A brutal and brilliant novel set in the American Civil War.
March is set towards the end of the American Civil War and follows General Sherman's epic march with sixty thousand Union troops through Georgia and the Carolinas, one of the major manoeuvres to bring the war to its conclusion. THE MARCH ranges widely over a diverse set of characters - each of whom is brilliantly realised - so that we see the war through the eyes of both white-skinned Pearl (daughter of slave and slave owner) and General Sherman; a deserting confederate who sets himself up as a photographer; a ruthless army surgeon who enjoys his reputation as an amputator; and the two brothers of a brutal slave owner who find themselves in uniforms facing Sherman's forces.
Doctorow's narrative brilliantly blends the intimate and the epic, sweeping the reader along the route of Sherman's notorious march and making us care deeply about each individual's fate.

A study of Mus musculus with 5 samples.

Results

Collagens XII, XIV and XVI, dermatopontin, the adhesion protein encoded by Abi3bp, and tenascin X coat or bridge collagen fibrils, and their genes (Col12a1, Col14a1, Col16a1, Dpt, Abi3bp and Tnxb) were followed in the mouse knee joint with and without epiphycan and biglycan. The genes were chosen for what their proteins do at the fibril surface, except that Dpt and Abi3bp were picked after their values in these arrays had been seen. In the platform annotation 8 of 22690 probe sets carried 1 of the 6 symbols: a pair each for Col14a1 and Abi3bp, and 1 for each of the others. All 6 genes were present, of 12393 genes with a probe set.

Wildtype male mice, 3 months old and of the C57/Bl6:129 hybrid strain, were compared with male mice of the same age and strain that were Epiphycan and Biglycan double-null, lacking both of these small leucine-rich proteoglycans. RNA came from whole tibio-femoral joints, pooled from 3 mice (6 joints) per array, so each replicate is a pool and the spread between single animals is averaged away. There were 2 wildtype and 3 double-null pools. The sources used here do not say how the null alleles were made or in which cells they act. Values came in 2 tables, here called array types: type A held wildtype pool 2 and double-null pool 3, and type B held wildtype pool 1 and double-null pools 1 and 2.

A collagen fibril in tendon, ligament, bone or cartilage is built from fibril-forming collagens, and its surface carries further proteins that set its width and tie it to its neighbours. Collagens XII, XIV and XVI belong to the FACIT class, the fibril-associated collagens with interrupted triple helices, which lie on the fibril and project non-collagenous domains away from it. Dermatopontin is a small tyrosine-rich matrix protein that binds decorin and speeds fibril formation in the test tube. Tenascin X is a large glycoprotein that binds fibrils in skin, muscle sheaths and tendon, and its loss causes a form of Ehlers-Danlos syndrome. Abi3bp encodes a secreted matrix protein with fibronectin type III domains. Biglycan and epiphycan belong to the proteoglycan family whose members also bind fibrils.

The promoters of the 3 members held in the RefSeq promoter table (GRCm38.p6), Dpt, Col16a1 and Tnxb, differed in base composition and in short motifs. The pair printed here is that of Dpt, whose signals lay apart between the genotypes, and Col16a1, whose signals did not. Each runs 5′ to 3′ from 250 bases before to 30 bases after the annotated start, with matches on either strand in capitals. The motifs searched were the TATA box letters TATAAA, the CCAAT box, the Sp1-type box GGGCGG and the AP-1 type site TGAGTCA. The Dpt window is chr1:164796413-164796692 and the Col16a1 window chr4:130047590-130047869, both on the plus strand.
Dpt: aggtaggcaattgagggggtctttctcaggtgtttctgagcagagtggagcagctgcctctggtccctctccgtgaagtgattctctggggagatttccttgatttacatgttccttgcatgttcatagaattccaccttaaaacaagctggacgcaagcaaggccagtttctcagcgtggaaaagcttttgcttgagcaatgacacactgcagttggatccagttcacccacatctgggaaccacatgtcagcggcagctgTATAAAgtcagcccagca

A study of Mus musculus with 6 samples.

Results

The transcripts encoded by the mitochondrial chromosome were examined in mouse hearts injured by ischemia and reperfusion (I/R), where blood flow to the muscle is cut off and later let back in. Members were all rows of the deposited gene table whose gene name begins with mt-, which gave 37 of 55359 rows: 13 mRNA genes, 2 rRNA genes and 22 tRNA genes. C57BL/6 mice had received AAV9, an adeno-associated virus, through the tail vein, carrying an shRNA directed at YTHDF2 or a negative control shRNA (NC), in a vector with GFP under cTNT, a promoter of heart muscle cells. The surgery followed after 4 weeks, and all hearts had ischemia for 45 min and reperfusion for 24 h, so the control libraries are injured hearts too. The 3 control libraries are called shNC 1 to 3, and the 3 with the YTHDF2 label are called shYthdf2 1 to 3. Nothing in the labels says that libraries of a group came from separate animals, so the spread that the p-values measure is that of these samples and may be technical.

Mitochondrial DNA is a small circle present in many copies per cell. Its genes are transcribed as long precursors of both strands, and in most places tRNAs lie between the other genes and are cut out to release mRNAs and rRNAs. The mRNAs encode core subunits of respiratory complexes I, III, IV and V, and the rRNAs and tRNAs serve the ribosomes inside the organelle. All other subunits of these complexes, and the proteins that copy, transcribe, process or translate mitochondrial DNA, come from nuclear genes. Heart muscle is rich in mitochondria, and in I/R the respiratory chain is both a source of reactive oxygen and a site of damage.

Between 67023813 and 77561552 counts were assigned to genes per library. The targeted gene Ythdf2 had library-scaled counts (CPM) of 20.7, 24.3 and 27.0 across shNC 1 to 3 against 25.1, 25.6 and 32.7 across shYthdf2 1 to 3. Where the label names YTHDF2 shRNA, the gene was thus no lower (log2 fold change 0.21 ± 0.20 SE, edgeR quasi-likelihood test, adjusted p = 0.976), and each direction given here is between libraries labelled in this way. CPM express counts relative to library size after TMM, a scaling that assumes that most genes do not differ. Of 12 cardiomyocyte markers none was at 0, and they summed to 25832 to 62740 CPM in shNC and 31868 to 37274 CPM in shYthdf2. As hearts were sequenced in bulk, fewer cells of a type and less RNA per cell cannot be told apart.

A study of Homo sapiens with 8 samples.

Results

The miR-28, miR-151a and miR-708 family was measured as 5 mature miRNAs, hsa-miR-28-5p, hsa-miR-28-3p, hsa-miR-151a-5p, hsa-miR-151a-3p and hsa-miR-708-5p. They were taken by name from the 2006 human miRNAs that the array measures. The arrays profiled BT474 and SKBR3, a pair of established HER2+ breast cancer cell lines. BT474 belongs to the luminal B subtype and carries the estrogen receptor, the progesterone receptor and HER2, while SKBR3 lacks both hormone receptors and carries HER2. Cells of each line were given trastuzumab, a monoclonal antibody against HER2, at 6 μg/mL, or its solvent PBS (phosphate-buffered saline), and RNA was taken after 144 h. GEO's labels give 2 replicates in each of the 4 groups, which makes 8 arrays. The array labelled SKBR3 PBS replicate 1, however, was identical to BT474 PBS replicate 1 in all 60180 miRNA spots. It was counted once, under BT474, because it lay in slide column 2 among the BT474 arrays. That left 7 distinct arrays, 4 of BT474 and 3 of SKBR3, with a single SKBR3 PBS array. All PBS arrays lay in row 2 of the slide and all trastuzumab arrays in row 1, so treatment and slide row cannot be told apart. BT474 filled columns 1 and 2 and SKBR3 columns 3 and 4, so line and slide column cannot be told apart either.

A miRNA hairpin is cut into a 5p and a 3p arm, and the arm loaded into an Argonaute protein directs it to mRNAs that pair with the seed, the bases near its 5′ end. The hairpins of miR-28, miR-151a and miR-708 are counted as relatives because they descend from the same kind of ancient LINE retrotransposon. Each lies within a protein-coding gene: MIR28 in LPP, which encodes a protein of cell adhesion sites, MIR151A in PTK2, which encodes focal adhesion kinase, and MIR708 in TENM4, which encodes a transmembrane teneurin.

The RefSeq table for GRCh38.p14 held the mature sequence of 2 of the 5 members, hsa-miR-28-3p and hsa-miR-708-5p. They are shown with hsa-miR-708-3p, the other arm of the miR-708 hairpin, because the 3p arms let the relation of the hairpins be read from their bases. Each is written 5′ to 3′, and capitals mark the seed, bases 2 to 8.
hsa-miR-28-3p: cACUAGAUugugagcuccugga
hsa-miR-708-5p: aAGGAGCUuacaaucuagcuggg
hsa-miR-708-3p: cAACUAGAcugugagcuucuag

marvellous, sweeping The cruelties of war, the desperation, the rape and the pillage, the great rolling river of refugees and freed black slaves all comes indelibly to life. - SUNDAY TELEGRAPH
Doctorow has created a commanding, timeless meditation on war... Modern and prophetic, it is an astonishing achievement - GUARDIAN
An entirely convincing recreation of a violent, frantic time, in which his cinematic technique of rapid, short scenes, works wonderfully - DAILY TELEGRAPH
Historical fiction is always a difficult balancing act for an author, particularly when he is incorporating the thoughts and actions of famous historical figures. Thankfully EL Dotorow is up to the task... - RTE GUIDE
This novel is a timely reminder of the human cost of war and one of Dotorow's best. - OBSERVER
E. L. Doctorow's novels include Andrew's Brain, Homer and Langley, The March, City of God, Welcome to Hard Times, The Book of Daniel, Ragtime, Loon Lake, Lives of the Poets, World's Fair, Billy Bathgate and The Waterworks. Among his honours are the National Book Award, two National Book Critics Circle awards, the PEN/Faulkner Award, the Edith Wharton Citation for Fiction, the William Dean Howells Medal of the American Academy of Arts and Letters and the presidentially conferred National Humanities Medal. He died in July 2015.